14 Nov 2019

NZO&G shareholders reject takeover bid

5:16 pm on 14 November 2019

Minority shareholders of New Zealand Oil and Gas have rejected an offer from the company's majority owner to take over the company.


Monaco-owned O.G Oil and Gas was seeking the remaining 30 percent stake of the NZX-listed company that it did not already own, and initally offered shareholders 62 cents a share in a scheme of arrangement.

It upped its offer to 74 cents, and company directors recommended minority shareholders accept, but the deal failed to get the required 75 percent approval in a vote at a special meeting in Wellington on Thursday.

Dr Rosalind Archer, the independent director who chaired the commitee assessing the offer, said she was not too disappointed by the outcome.

"I think we wanted to hear from people, we've heard from people so I think the outcome is just a prompt from us to get back in to a full board meeting ASAP and think about what it means for the strategy going forward."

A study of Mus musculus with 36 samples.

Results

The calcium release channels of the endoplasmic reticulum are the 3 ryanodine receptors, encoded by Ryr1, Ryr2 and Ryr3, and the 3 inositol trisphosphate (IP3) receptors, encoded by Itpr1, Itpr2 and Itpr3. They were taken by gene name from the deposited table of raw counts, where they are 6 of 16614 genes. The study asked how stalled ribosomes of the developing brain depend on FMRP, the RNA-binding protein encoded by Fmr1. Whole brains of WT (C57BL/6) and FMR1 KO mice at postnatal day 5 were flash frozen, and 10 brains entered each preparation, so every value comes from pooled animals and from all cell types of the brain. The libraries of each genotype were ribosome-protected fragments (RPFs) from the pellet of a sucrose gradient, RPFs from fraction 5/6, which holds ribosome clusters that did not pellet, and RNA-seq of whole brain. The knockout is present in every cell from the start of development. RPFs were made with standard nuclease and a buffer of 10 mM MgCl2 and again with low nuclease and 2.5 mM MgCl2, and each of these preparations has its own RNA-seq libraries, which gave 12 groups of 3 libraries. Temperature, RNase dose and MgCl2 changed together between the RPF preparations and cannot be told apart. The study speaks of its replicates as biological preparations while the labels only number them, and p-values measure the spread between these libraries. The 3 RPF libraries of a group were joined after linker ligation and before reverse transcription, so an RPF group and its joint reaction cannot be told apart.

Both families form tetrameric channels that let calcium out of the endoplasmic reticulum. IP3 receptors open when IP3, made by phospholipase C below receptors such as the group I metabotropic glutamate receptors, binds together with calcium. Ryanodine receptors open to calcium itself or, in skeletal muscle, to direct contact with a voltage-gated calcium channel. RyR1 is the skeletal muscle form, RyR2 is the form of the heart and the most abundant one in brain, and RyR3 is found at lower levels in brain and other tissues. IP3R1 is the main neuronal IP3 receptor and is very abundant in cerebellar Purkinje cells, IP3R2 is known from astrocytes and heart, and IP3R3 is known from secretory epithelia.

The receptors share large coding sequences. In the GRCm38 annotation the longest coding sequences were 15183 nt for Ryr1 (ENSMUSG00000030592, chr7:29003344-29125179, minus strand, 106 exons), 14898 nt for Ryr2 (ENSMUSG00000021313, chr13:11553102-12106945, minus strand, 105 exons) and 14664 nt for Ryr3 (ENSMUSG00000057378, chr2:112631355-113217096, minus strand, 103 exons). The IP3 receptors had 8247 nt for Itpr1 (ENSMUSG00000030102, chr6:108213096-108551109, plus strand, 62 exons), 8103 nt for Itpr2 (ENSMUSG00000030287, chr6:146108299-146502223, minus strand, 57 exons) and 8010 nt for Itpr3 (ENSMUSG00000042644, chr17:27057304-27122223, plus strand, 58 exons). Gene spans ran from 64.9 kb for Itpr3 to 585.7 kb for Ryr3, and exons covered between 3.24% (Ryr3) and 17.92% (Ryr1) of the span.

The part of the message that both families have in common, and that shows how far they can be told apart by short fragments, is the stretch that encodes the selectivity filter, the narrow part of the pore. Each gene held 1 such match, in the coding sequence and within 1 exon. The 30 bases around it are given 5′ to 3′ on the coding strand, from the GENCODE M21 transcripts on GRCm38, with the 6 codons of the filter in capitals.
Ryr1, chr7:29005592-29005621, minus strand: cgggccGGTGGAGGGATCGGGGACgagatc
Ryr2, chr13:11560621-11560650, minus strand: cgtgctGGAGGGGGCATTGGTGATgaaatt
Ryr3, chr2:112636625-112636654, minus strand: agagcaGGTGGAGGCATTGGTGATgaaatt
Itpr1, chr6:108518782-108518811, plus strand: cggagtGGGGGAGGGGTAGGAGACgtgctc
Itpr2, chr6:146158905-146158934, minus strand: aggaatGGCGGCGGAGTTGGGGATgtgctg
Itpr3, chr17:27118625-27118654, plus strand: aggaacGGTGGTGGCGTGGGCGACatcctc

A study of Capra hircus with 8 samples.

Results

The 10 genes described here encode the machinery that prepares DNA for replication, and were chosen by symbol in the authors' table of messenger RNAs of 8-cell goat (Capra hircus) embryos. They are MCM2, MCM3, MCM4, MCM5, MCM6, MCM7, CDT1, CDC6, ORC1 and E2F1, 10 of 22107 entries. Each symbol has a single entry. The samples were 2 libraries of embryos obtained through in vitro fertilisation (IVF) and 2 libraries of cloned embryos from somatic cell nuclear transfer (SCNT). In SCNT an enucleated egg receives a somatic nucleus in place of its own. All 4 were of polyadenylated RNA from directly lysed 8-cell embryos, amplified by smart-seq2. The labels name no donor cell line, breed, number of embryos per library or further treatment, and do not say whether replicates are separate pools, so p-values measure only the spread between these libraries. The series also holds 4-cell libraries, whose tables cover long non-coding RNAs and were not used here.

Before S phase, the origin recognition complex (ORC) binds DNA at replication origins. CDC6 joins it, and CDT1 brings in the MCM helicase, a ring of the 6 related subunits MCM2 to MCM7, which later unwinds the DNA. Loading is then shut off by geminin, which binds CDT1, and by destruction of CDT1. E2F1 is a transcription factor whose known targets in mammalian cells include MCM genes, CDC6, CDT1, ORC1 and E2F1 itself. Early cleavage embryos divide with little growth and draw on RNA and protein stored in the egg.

Close to 37 percent of shareholder votes went in favour of the scheme while 63 percent were against.

However, the numbers showed more individual shareholders voted for the scheme to go ahead than voted against.

"We'd offered people a really attractive 49 percent premium on previous trading," said Dr Archer.

"So some people are taking the premium, taking the certainty, other people are clearly sending us this message, we're in it for exploration, we understand that the chances of a frontier exploration well coming through are low, we get that but we're still with you."

Minority shareholders had earlier taken their concerns about some of the information in the offer documentation to the Takeovers Panel, but it decided not to uphold the complaints.

It did ask the company for further explanation about statements related to the potential commercial success of one of its prospects, and around its share price, which the company provided.

"We gave shareholders a great deal of information, we complied with all of our legal requirements," said Dr Archer.

"I don't have any concerns that we did anything at all inappropriate."

Dr Archer said the next steps for the company would be considered by the board and they would include discussions with O.G Oil and Gas, with an update expected at the company's annual meeting next month.